Develop for Security: A “Development Practice” Based On A “Bad Guy’s” Perspective


Most development shops focus on secure coding standards as the basis of their security focus. While coding standards are an excellent reference for developers to refer to, they are “nuts and bolts” and not the blueprint. Relying on secure coding standards alone misses the forest of security issues that crop up during development.

This talk provides and overview to the full spectrum of “develop for security” issues and concerns. Unlike coding standards that are 100’s of pages long, a simple 5X3 “develop for security” format  is presented (5 development concerns, 3 top issues per concern). This format not only encompasses the top “coding” concerns (as presented in our talk, “Coding for Security…”, but also covers the full spectrum 20% development concerns that create 80% of the security issues.

More so, unlike coding standards and other security reference material, it is presented in a simplified format that the average developer can remember and apply daily. This can not be said about coding standards which are often 500+ pages long, or coding security guides. This approach is easily implemented and integrated by any development team. Once it is integrated, 80% of security concerns are mitigated, raising the bar and attacker must hurdle to be successful in their attacks.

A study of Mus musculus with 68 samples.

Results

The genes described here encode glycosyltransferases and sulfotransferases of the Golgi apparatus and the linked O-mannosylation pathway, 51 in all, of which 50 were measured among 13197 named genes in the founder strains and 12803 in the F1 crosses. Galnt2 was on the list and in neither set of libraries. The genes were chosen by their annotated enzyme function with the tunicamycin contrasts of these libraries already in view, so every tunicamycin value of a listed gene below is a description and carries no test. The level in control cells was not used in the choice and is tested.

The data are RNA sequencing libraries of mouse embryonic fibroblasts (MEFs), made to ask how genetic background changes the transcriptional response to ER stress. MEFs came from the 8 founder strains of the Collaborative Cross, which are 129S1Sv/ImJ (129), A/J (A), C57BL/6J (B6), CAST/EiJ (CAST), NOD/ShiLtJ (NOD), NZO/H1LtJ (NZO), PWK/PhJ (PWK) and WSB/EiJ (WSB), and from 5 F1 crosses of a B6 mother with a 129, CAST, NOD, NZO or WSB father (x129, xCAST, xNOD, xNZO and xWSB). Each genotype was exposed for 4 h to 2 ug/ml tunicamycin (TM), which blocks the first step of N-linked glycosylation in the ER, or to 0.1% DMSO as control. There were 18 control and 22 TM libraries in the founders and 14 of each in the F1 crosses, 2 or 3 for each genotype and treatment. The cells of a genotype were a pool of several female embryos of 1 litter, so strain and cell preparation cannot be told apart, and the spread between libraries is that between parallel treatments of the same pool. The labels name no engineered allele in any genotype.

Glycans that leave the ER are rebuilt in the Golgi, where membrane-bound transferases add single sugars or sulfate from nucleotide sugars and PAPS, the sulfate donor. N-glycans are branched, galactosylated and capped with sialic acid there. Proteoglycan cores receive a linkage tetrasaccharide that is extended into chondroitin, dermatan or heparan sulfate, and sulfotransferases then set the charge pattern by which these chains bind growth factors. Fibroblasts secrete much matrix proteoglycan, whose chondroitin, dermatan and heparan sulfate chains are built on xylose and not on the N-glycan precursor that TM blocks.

• Errata
  • Presenters Credentials & Experience
  • Misguided Security Mindsets
  • What’s Broken
  • Why Develop for Security?
  • Pareto Principal
  • Secure Development Focus
  • Bad Guy Wants You To Do
  • Q&A


This presentation is typically an 1 1/2 – 2 hour talk. It can be compressed into an hour for groups that will limit Q&A. The audience for this talk should include the full set of workers and leaders associated with the development activities of the company.

  • 1 hour Compressed format – Can be done as a Lunch and Learn, or as a single hour conference or other setting presentation format. The audience interactivity will be limited to cover all content.
  • Normal Format (1 1/2 – 2 hours) – Typically conducted in 2, 45 min sessions with a 10 minute break. Audience participation throughout the discussion will be encouraged. More detailed technical questions related to specific development “stacks” can be prepared for specific audiences.